Ionic responses of bean (Phaseolus vulgaris L.) plants under salinity stress and humic acid applications


  • Publication Type: Article / Article
  • Volume: 48 Issue: 3
  • Publication Date: 2020
  • Doi Number: 10.15835/nbha48311950
  • Journal Indexes: Science Citation Index Expanded (SCI-EXPANDED), Scopus, Academic Search Premier, Agricultural & Environmental Science Database, Aqualine, CAB Abstracts, Pollution Abstracts, Veterinary Science Database
  • Page Numbers: pp.1317-1331
  • Keywords: bean, chlorophyll content, humic acid, NaCl, salinity, salt stress, soil conditioner, SALT TOLERANCE, NUTRIENT-UPTAKE, GROWTH, POTASSIUM, SUBSTANCES, QUALITY, AVAILABILITY, ACCUMULATION, CHLOROPHYLL, ANTIOXIDANT
  • Eskisehir Osmangazi University Affiliated: Yes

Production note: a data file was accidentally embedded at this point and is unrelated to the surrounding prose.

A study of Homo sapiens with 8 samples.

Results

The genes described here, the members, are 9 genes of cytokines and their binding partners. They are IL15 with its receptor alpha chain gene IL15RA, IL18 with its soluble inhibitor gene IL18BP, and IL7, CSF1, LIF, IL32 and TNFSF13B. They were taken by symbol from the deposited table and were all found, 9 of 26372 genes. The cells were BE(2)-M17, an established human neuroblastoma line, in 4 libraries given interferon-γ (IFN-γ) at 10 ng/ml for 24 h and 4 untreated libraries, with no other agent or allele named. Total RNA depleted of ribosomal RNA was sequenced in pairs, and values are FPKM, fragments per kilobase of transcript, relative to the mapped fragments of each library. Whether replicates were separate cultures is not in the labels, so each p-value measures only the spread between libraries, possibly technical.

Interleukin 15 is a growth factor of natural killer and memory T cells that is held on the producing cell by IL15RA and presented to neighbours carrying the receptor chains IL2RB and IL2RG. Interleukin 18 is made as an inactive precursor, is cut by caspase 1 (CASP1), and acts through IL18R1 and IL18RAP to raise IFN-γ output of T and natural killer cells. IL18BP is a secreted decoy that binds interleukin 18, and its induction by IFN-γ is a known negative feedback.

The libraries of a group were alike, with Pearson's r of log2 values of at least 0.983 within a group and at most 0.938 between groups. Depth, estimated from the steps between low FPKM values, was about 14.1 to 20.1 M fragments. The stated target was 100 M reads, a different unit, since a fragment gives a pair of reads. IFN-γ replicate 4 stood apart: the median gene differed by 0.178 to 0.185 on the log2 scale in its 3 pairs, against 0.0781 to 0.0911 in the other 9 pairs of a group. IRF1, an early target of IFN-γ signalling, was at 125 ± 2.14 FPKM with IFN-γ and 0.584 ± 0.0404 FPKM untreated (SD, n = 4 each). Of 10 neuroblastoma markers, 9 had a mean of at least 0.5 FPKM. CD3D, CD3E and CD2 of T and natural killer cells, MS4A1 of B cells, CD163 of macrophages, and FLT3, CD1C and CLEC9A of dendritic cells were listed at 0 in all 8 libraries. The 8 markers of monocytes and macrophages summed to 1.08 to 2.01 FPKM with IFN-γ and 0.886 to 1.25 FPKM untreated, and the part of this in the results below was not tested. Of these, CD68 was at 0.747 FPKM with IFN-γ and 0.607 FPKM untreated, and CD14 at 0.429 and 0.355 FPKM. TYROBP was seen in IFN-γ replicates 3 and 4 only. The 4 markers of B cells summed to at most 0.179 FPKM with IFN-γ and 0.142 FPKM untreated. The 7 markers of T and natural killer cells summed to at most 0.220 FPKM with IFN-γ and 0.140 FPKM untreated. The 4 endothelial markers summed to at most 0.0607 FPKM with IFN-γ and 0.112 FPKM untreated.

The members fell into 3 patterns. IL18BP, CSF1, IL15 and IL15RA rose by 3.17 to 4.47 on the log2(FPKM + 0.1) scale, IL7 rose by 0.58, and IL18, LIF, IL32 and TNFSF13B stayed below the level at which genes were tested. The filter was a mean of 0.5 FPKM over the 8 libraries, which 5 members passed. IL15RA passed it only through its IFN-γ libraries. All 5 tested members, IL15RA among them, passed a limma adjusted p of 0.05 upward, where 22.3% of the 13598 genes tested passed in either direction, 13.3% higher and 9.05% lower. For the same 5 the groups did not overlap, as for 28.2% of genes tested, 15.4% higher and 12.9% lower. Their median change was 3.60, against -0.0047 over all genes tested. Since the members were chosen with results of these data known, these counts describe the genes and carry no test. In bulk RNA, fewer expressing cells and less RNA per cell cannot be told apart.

This study aimed to investigate the effects of different humic acid application methods (control, soil, foliar and soil + foliar) on chlorophyll content, dry matter weight of shoots and roots, concentrations of potassium (K), calcium (Ca) and sodium (Na), and K/Na and Ca/Na ratios of bean plants exposed to increasing salinity levels (0, 50, 100 and 150 mM). The effects of salt damage on shoots and roots of bean plants were significantly differed in humic acid application methods. Chlorophyll content decreased with the increase in salt doses at control and soil application of humic acid, while the decrease in chlorophyll content was lower in foliar application of humic acid. Shoot dry weight was not affected by humic acid applications, while root dry weight increased in soil + foliar application method. Soil + foliar humic acid application caused the highest shoot and root Na concentrations. Shoot Ca (2.61%) concentration in soil + foliar application was significantly higher compared to the other treatments, while the highest Ca concentration in roots (1.55%) was recorded in soil humic acid application method. The highest K concentration in roots was obtained in the control treatment (2.50%) followed by soil + foliar humic acid application (2.48%). The ratios of K/Na and Ca/Na in shoots decreased with the increase in salt application rates. The highest shoot K/Na (1456.1%) and Ca/Na (1274.1%) ratio in humic acid x salt interactions was found in soil application of humic acid without salt treatment. The root and shoot dry matter yield and K and Ca concentrations of the plants indicated that soil+foliar application method has a preventive effect for the plants against the 50 mM salt damage. The results showed that soil+foliar humic acid application in addition to the mineral fertilization required for beans can contribute to the growth and mineral nutrition of the plants under moderate salt stress (50 mM NaCl).